For the love of their alma mater, an alumni association raised $35,000 for student scholarships with a New Year’s Eve ball--and hopes to raise thousands more this year for the all-boys Catholic high school that holds special significance in the Latino community.

Lou Nevarez, 44, focused more on counting up the proceeds than counting down the last few seconds of 1994 at a New Year’s Eve fund-raiser held on behalf of Cathedral High School at Downtown’s Biltmore Hotel.

“The school taught us how to survive. Some of us turned that survival into success and now we just want to give something back,” said Nevarez, who directs the Cathedral High School Alumni Assn. fund-raising efforts.

Like many inner-city families, Nevarez said his parents sacrificed so he could have a good education. He hopes to make it a little easier for other families by providing scholarships.


Currently 85% of the school’s students are Latino and many come from working-class families with incomes of about $15,000. About half of the school’s 420 students receive some sort of financial aid to cover the $2,500 tuition, said Brother Jerome Gallegos, a school administrator.

Last year the alumni association raised about $65,000 for school programming and to help students cover their school expenses.

“Without the alumni association there are some students who just would not be here,” Gallegos said.


This year, as the school celebrates its 70th birthday, the alumni association hopes to raise at least $100,000 with another fund-raising party at which $10,000 will be raffled. A day at Santa Anita racetrack and a golf tournament are also planned.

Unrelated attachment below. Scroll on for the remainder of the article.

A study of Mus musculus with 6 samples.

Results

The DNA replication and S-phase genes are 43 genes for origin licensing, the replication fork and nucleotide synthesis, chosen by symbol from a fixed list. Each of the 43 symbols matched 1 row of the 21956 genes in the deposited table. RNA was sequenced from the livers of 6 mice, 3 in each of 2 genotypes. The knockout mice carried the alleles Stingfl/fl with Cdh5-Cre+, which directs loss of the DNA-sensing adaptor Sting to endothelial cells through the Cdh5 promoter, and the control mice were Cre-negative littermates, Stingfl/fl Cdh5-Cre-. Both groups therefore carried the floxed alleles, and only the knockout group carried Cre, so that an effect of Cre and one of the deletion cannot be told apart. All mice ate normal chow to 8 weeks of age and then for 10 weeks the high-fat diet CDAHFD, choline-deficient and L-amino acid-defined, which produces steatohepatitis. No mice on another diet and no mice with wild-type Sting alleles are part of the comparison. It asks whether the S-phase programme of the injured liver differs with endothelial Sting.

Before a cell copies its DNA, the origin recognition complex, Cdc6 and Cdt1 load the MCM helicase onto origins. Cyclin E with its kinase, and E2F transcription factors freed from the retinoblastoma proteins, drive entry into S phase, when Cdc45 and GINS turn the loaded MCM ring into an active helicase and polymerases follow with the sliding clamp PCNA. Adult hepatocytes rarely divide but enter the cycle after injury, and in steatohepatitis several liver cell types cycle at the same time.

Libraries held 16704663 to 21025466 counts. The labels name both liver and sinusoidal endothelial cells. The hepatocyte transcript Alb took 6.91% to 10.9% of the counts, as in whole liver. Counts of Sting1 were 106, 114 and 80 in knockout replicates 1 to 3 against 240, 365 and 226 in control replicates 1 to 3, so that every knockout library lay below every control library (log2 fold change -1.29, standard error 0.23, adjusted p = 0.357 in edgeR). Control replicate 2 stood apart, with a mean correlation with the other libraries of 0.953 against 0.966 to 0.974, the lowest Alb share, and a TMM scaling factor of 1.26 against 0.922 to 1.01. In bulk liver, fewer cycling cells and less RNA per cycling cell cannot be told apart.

The alumni’s commitment does not end when a student leaves the school.

When a recent graduate couldn’t afford the tuition at USC, the alumni association loaned him the money so he could enroll.


The school has an 85% graduation rate with more than half going on to four-year colleges and one-third going on to two-year institutions, school officials said.

Cathedral alumni were galvanized in 1984 when the Archdiocese of Los Angeles announced, without any warning to parents or the Christian Brothers who run the school, that the school grounds had been sold to a Hong Kong developer for $10 million and the school would be closed in 1987.

In response, thousands of people contributed $30,000 in small donations for a “Save Cathedral” campaign. The school’s alumni took out newspaper ads, rented dozens of billboards and organized demonstrations. Students and family members arranged for special Masses.